12 May 2013

Yoga keep it in the family. Parampara?

My daughter has been practising yoga on and off for a number of years. She and my son grew up in a household where yoga is a way of life for me. I have never imposed yoga on my family, but I have to say I love having my daughter in my classes. She has started to have a much deeper understanding of yoga and this understanding is helping her through a very difficult and stressful period of time as she prepares for her degree show at Central Saint Martins in London.

I am currently her only yoga teacher but I am hoping she will be able to practice with my own teachers, Nancy Gilgoff and with Sharath Jois when they are in London over the summer.

I remember discussing with Nancy many years ago how it felt to see her daughter practising with her. She had said she always loved looking through her legs and seeing Vanessa on a mat beside her. Vanessa now assists her quite often when she is teaching around the world.

My daughter and I discuss yoga. All limbs. Not too much because in a way by trying to practice the other aspects of yoga in my own life,  my children have adopted the principles of the yama and niyama without even realising. It is in their bones. I am passing on what was given to me by my own teachers. While I am definitely not claiming to be a guru (see below), the linage from Krishnamachari through to my girl child continues; related to each other or otherwise.




Mysore practise together and then a bit of tuition on jumping forward and back.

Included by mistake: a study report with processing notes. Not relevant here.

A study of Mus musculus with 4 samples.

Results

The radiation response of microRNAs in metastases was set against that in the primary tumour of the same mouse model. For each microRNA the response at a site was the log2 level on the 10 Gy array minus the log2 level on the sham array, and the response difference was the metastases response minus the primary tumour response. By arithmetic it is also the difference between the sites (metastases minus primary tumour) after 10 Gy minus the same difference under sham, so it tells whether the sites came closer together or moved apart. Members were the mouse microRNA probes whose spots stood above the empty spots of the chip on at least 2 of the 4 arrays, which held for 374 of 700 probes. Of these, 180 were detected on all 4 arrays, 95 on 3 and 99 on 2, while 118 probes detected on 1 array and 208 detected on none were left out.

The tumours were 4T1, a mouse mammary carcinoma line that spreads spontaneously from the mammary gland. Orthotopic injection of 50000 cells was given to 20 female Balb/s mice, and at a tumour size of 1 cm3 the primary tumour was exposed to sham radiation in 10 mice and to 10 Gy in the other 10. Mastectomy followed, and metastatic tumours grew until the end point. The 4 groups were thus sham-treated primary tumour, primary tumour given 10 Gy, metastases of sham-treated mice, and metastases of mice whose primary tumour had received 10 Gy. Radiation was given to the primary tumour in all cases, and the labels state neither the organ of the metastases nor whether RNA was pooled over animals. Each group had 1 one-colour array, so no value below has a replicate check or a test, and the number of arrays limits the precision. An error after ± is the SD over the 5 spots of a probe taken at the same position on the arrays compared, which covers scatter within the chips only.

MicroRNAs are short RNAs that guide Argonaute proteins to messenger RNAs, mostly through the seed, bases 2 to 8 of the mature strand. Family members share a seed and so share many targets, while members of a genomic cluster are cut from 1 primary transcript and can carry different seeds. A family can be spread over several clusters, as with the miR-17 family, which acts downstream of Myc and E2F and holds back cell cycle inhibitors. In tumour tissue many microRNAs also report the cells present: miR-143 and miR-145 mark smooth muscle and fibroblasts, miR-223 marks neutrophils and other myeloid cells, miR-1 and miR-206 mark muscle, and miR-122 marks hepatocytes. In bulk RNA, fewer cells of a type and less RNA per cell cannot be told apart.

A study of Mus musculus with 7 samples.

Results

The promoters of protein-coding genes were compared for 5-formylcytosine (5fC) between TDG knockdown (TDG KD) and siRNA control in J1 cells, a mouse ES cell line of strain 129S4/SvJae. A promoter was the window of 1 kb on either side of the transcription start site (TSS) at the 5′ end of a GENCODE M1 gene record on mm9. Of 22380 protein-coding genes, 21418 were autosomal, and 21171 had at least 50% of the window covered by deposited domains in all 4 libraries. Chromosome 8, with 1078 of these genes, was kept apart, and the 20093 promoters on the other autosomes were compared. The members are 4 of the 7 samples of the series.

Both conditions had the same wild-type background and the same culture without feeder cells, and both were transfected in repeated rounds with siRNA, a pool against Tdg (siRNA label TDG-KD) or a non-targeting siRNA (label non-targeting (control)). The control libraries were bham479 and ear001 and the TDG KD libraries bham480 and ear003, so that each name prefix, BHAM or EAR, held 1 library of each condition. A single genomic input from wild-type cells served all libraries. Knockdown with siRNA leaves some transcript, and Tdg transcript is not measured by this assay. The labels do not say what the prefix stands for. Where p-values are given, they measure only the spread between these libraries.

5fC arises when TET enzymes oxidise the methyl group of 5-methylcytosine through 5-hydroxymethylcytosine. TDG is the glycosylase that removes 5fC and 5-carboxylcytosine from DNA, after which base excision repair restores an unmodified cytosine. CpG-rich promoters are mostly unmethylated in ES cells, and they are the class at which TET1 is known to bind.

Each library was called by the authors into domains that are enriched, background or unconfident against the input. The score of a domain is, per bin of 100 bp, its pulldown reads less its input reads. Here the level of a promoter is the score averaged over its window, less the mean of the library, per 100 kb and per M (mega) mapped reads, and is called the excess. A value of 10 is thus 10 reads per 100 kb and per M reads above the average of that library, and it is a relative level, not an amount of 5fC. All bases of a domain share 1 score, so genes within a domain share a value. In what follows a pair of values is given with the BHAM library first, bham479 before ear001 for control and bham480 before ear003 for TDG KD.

The text on Parampara from KPJAYI Mysore

Parampara is knowledge that is passed in succession from teacher to student. It is a Sanskrit word that denotes the principle of transmitting knowledge in its most valuable form; knowledge based on direct and practical experience. It is the basis of any lineage: the teacher and student form the links in the chain of instruction that has been passed down for thousands of years. In order for yoga instruction to be effective, true and complete, it should come from within parampara. 
Knowledge can be transferred only after the student has spent many years with an experienced guru, a teacher to whom he has completely surrendered in body, mind, speech and inner being. Only then is he fit to receive knowledge. This transfer from teacher to student is parampara.
The dharma, or duty, of the student is to practice diligently and to strive to understand the teachings of the guru. The perfection of knowledge – and of yoga — lies beyond simply mastering the practice; knowledge grows from the mutual love and respect between student and teacher, a relationship that can only be cultivated over time. 
The teacher’s dharma is to teach yoga exactly as he learned it from his guru. The teaching should be presented with a good heart, with good purpose and with noble intentions. There should be an absence of harmful motivations. The teacher should not mislead the student in any way or veer from what he has been taught. 
The bonding of teacher and student is a tradition reaching back many thousands of years in India, and is the foundation of a rich, spiritual heritage. The teacher can make his students steady – he can make them firm where they waver. He is like a father or mother who corrects each step in his student’s spiritual practice. 
The yoga tradition exists in many ancient lineages, but today some are trying to create new ones, renouncing or altering their guru’s teachings in favor of new ways. Surrendering to parampara, however, is like entering a river of teachings that has been flowing for thousands of years, a river that age-old masters have followed into an ocean of knowledge. Even so, not all rivers reach the ocean, so one should be mindful that the tradition he or she follows is true and selfless. 
Many attempt to scale the peaks in the Himalayas, but not all succeed. Through courage and surrender, however, one can scale the peaks of knowledge by the grace of the guru, who is the holder of knowledge, and who works tirelessly for his students.